It is important for the individual investor to know about Mutual Funds. For some people the decision to invest in Mutual Funds is based on the premise that it is low risk investing. By in large this may be true, but it depends on the Mutual Fund and in particular the fund manager.
A Mutual Fund is a collection of stocks and other investments that are packaged by an investment company. Generally speaking it is a means by which the average pay check earner may enter the stock market. Some Mutual Funds require only a $1,000 initial investment and a small number of Mutual Funds may be purchased with as low as an initial $250 initial investment.
The key to investing in Mutual Funds is to read and evaluate the individual prospective’s available to potential investors. You may review the performance of the Mutual Fund on-line or request the prospective by mail. The prospective gives you the Mutual Funds performance over the past quarters, years and decades. It also provides you with the fees that are charged to investors of Mutual Funds.
Certain Mutual Funds are no-load funds. Generally these funds are offered by state and municipal entities. It means the fund does not charge a fee to invest and is exempt to some taxes. There may be other charges for handling your Mutual Funds and charges if you decide to withdraw funds or move your investment elsewhere. This knowledge is essential before you commit a single dime to a Mutual Fund.
Your investigation should include the name of the stocks and other investments the Mutual Fund you are considering is currently investing. This point is critical because knowledge of the broader market is essential in determining if a particular fund is going to do well. If you have a penchant for global stocks , technology, financial or energy stocks you want to be assured these sectors are doing well in the overall stock market.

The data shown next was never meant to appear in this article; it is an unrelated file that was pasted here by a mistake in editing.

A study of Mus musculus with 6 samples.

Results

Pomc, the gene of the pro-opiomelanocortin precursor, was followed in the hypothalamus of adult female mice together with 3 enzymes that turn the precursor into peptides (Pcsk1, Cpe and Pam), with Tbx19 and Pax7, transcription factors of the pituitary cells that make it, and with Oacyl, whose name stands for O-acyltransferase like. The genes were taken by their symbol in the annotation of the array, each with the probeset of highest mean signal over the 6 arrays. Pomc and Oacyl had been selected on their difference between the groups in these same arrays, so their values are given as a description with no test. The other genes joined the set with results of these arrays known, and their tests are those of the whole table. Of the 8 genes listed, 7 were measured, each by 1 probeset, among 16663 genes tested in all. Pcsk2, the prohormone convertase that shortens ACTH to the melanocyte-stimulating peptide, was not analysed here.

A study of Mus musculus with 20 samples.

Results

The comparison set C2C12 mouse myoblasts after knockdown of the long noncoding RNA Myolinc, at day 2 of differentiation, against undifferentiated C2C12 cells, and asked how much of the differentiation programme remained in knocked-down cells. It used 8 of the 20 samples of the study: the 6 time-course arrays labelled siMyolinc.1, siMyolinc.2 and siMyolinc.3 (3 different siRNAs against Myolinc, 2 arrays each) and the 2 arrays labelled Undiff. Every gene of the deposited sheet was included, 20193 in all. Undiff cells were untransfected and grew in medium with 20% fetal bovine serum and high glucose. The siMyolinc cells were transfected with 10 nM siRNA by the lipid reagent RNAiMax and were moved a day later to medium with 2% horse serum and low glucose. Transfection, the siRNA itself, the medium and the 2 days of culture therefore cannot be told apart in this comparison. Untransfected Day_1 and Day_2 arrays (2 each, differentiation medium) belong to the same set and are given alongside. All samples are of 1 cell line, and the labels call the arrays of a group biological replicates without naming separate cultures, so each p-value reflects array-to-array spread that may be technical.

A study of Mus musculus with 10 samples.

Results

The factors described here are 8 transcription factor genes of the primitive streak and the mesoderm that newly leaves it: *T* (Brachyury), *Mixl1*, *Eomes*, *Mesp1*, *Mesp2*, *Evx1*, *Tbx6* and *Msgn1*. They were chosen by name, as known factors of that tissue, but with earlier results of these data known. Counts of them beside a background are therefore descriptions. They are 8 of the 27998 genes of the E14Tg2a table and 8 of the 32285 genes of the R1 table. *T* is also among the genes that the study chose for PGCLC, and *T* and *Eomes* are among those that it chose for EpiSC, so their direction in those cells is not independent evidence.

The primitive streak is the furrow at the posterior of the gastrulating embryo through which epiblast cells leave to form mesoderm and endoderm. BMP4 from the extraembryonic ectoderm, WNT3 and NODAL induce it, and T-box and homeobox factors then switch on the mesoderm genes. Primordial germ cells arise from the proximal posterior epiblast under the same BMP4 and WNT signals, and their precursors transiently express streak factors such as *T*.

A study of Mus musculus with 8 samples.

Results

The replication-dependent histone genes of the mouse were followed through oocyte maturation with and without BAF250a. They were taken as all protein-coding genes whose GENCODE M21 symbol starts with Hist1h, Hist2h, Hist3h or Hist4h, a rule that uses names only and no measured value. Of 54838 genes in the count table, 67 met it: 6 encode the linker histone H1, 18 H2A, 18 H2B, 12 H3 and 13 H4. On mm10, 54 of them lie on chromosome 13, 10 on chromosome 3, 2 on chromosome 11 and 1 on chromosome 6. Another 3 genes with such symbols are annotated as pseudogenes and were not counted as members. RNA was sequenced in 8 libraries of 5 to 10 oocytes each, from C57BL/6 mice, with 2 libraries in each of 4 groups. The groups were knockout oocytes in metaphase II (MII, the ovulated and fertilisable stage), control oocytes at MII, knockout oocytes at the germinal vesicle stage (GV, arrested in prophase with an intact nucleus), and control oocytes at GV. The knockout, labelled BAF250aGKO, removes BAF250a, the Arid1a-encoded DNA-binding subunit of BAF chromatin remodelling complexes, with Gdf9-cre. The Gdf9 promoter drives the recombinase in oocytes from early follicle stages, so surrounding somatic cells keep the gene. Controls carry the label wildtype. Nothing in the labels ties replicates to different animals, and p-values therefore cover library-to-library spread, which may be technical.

Some investors own single equities and Mutual Funds along with other investments in their portfolio. Most brokerage houses have financial planners who can review all of your investments including realty, equities, bonds and Mutual Funds to give you a full picture of your financial health and goals for your investing.
Mutual Fund Risk Levels
As with the stock exchanges, Mutual Funds investing allows the investor to determine their risk level. There are municipal bonds funds, blue chips funds, growth funds, Asian Funds, Emerging Markets and combination’s in between. The investor determines the choice of investment by his or her objective. For some it is for retirement, others income and tax consequences. The range of risk is provided by most Mutual Fund investment companies.
There are some excellent advisory services that provide star ratings on various Mutual Funds. The Morningstar advisers have up to date information on the health of various funds. There are also articles in the Wall Street Journal and Investors Daily about Mutual Fund Managers. There are stars in the Mutual Fund field. The star manager is only as good as his or her last year earnings. It is important to know who is doing well currently before you invest.
There are several families of Mutual Funds I would recommend reviewing. The Vanguard Funds, Fidelity, Oppenheimer and American Mutual Funds. Within these family of Mutual Funds there is a fund for about any level of interest and risk level. The information is available on-line or by mail.
The current bothersome area in the real estate market in particular sub-prime loans for at risk buyers is yet to be fleshed out on a global scale. The possible spill over effect to banks, financial institutions, mortgage companies and the commercial paper they have sold may be a factor in your consideration of which Mutual Fund to select. The true impact at this point is speculative as to the ripple effect that may ensue if the small percentage of risky mortgages end up in foreclosures. Presently the effect is an unwelcome squeeze in the credit market making it difficult to get loans for individuals and some lending institutions.
As with any uncertainty a good rule of thumb is to seek out Mutual Funds with a minimal amount of exposure to sub-prime mortgage woes. The Blue Chip or America’s stand-by stocks may have some advantages as some are undervalued. The technology and some exposure to China and Emerging Markets may be worth a look. Most Mutual Funds companies have stocks and investments that may fit the current trends and moods in the financial markets. Review the institutional investors in each fund. A rule of thumb is that big institutional investors generally do not invest in “dog” investments.